Q: What drew you to this story?
A: Driving Blind is the story of two journeys taken by my brother Justin and me – a physical journey around the United States to meet people and see the beautiful sights the country has to offer, as well as an emotional journey to confront and deal with the possibility that one or both of us could go blind sometime in our lifetime.
We originally decided to go on an epic road trip together, and then later came up with the idea to film the trip and make a documentary about the experience. We were fortunate enough to meet the film’s director, Brian Griffo, who pulled together two longtime friends to work as a crew on the trip. The three of them followed us in a crew van for 38 days as we traveled around the periphery of the country (significant because choroideremia attacks peripheral vision). After the trip was over, Brian and I returned to Los Angeles, where we edited and cut the film, finishing it in September 2012.
Q: What was the most unusual/surprising thing the brothers did on the journey?
A: In Portland the crew arranged for a surprise for Justin and me – they booked us time in a sensory deprivation tank. This ended up being a very raw experience for both of us, as the tank forced us to experience true blindness. Confronting the reality of what our condition might lead to was frightening and disturbing, but also ultimately affirmed the greater purpose of the trip, which is to push through obstacles, take risks, and not be held back by perceived or actual limitations.
Q: Describe one episode from the journey that you found particularly inspiring.
A: Meeting with David in Minnesota was amazing. He is essentially completely blind but has an absolutely positive attitude towards his life. It was great to see someone so completely at peace with his condition and filled with happiness. Also, spending time with Eric “Artman” Hartman in New Orleans was very cool. His vision is extremely limited but he speeds around the city at a speedy pace – I had to hurry to keep up with him. He is an artist who still paints even though it takes him much more time to visualize his work due to his condition.
Q: How did the journey change the brothers?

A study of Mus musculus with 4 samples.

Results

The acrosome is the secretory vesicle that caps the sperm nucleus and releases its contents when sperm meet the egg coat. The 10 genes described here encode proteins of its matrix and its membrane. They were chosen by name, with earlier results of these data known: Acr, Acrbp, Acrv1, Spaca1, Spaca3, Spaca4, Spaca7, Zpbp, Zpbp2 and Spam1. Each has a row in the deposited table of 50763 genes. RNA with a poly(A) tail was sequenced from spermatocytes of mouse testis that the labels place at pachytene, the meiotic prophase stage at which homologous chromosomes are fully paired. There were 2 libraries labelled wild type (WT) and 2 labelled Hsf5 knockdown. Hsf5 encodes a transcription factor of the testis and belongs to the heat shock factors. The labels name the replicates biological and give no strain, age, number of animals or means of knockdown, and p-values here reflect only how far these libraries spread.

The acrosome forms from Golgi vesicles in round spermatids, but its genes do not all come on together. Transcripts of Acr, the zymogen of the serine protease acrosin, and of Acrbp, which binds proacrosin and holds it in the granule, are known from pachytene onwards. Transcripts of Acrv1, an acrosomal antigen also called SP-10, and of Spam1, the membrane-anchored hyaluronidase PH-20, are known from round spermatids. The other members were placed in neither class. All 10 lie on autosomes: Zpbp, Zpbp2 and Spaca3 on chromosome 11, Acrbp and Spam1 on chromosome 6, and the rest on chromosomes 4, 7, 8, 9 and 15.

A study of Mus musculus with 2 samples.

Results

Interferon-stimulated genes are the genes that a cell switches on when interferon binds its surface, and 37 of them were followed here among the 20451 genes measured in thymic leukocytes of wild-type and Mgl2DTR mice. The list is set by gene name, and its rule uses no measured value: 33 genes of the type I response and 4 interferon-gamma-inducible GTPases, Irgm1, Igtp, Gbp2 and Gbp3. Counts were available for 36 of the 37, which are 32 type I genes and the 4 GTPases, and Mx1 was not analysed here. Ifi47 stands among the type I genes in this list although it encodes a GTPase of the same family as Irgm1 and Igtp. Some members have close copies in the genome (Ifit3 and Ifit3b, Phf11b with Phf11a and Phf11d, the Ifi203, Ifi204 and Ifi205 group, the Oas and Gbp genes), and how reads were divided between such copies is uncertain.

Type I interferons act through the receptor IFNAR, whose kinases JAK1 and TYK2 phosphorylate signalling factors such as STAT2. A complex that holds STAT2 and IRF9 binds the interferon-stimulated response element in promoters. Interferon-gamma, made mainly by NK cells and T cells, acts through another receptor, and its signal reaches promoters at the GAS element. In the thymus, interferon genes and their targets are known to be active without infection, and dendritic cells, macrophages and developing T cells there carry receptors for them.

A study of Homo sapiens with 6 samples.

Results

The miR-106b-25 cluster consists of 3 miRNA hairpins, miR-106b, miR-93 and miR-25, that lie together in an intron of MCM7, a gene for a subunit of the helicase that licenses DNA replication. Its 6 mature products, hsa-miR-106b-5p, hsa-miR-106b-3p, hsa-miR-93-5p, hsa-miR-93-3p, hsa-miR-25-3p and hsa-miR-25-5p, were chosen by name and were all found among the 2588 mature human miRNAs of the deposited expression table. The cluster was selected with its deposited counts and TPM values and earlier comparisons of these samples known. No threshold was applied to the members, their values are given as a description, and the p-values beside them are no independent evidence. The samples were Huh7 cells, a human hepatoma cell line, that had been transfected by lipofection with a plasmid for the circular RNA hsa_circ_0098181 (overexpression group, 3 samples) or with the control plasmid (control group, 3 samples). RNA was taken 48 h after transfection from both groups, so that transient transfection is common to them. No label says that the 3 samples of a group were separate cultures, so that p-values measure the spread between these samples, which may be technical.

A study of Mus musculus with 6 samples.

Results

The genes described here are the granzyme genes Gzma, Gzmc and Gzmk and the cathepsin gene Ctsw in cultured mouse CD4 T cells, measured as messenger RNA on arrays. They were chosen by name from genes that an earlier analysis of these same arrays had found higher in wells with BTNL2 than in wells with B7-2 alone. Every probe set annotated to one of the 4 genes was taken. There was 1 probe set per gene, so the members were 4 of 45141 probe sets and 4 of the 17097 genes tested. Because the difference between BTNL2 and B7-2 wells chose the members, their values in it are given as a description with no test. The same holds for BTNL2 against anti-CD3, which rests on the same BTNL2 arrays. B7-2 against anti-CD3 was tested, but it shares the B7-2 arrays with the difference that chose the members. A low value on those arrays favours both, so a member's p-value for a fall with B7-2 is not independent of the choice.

A: I was officially diagnosed with choroideremia several years before our road trip. After my diagnosis (although I had been certain that I had it before hand), I became depressed and withdrawn. I would come home from work and just stay in my apartment feeling sorry for myself and too nervous to go out and experience life. After the trip, I felt much more comfortable putting myself in new situations.
After the trip, Justin decided to take a risk and follow his dream of being a performer. He teaches improv in Washington DC.
Q: The film’s trailer talks about how the brothers lost their sight but gained vision. How so?
A: Our goal in going on the trip and creating Driving Blind was to increase awareness about choroideremia, which is an extremely rare condition, and to promote fundraising for research into the condition, which currently has no treatment and is irreversible. We also wanted to experience the beauty of America while we still could. During the course of the trip we learned we could put ourselves in uncomfortable, new situations and come out the other side having not only survived but secure in the feeling that we tested ourselves and were up to the challenge. For anyone, taking risks can be a difficult thing to do. For a person with limited vision, it can be especially frightening to be in a new place. Forcing ourselves to do just that each and every day of the trip made both of us more confident and more at peace with our situations. Our goal was to take the audience along with us on our trip, and to have people appreciate the beauty and kindness we encountered, and feel the hope for the future that we both experienced.